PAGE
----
Searchable abstracts of presentations at key conferences in endocrinology
Endocrine Abstracts (2011) 25 P349

SFEBES2011 Poster Presentations Thyroid (43 abstracts)

A novel prospective ocular manifestation of Graves’ disease

Ali Abbara , Ramya Rajakulasingam , Elaine Hui , Katie Wynne & Karim Meeran

Imperial College London, London, UK.

A 31-year-old engineer presented with a 6-week history of tremor, weight loss, mild goitre and palpitations. At the onset of these symptoms, he also presented to a specialist eye hospital for difficulty with focussing his vision. He had no past medical history and was taking no medications. He did not have any family history of ocular or autoimmune conditions and was a non-smoker. On examination his BMI was 20, he had very mild proptosis, no diplopia and a diffuse symmetrical goitre. His biochemistry confirmed a diagnosis of Graves’ thyrotoxicosis with fT4 20.6 pmol/l (9.0–26.0), fT3 10.2 pmol/l (2.5–5.7), TSH <0.05 mU/l (0.3–4.2) and positive TSH receptor antibodies 9.7 U/ml (0–0.4). He was commenced on anti-thyroid medications and further definitive management was discussed. Interestingly, it transpired that he was diagnosed with keratoconus of the eye concomitant to the onset of his thyrotoxic symptomatology.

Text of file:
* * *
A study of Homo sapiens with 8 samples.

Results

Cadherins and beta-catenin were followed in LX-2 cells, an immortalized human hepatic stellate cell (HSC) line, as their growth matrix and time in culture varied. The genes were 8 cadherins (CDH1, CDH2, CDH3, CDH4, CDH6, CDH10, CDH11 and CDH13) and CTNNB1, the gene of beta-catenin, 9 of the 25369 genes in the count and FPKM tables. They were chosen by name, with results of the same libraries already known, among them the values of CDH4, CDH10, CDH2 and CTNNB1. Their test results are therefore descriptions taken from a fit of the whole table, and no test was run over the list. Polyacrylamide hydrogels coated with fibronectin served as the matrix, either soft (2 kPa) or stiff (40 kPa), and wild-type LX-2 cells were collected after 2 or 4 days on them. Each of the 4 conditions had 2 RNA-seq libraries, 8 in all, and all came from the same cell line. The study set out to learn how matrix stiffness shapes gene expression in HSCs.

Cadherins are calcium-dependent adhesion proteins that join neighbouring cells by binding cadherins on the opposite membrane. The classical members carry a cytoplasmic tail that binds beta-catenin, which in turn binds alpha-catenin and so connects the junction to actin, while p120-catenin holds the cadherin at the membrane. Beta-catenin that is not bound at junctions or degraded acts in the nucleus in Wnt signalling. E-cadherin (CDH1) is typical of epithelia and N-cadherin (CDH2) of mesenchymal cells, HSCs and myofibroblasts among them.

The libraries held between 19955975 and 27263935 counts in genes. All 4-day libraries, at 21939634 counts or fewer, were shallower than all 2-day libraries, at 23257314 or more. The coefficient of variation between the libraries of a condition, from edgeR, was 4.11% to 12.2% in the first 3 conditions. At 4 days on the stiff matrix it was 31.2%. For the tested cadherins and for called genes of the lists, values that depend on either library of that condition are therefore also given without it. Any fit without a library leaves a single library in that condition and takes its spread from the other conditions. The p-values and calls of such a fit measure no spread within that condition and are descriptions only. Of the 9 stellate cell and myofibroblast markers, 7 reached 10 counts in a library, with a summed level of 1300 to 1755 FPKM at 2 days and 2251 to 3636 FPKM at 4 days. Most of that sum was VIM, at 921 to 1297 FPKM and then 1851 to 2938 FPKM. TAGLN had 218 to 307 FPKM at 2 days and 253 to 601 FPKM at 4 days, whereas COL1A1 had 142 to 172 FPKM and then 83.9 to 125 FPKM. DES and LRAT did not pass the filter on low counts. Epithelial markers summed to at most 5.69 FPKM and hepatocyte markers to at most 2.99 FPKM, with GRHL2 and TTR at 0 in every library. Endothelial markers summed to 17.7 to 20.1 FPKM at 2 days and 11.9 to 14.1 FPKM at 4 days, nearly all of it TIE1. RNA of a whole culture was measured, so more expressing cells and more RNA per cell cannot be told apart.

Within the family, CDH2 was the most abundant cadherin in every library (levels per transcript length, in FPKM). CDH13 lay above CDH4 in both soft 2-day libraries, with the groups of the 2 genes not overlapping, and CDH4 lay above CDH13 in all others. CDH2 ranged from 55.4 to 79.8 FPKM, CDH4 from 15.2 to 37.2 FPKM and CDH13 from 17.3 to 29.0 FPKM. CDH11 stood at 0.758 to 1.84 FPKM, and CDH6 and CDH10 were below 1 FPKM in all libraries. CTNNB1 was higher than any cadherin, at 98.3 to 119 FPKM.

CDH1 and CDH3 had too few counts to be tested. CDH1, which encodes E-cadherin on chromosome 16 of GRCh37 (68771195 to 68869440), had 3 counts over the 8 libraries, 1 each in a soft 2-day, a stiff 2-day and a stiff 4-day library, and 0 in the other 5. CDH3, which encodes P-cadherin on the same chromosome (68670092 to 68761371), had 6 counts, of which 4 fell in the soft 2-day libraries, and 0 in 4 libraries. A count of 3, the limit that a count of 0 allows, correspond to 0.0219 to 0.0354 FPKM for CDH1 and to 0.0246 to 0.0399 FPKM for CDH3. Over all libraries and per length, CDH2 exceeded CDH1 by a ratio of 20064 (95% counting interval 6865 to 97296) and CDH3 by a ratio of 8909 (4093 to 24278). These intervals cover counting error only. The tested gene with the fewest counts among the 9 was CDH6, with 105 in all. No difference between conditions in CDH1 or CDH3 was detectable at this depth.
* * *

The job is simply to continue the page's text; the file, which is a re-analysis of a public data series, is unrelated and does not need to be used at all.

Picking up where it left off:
Discussion: Keratoconus is a degenerative disorder in which corneal morphology becomes more conical as a result of stromal thinning. Its aetiology may relate to modifications in corneal collagenases, resulting in breakdown of stromal collagen and is associated with an increased expression of inflammatory mediators in tears. Symptoms include visual distortion or discomfort (often ameliorated by squinting), monocular diplopia or ‘ghosting’ and photosensitivity. The reduced tear production and rubbing of eyes, common in Graves’ disease, is a known precipitant of keratoconus. There is an increased prevalence of keratoconus in immune disorders, including hashimoto’s thyroiditis (OR 2 (CI 1.2–3.3)) (1). In patients with keratoconus the normal thyroxine level in tears has been found to be two orders of magnitude lower than in the serum. Interestingly, independently of their serum thyroid function, patients with keratoconus have tear thyroxine levels 2–50 fold higher than subjects free of ocular pathology (2). Indeed tear thyroxine levels are higher during progression of keratoconus and decline once corneal curvature reaches a new steady value (2).


1. Nemet AY, Vinker S, Bahar I & Kaiserman I 2010 The association of keratoconus with immune disorders. Cornea 29 1261–1264.

2. I Kahan, M Varsanyi-Nagy, M Toth, A Nadraj 1990 The possible role of tear fluid thyroxine in keratoconus development. Exp Eye Res 50 339–343.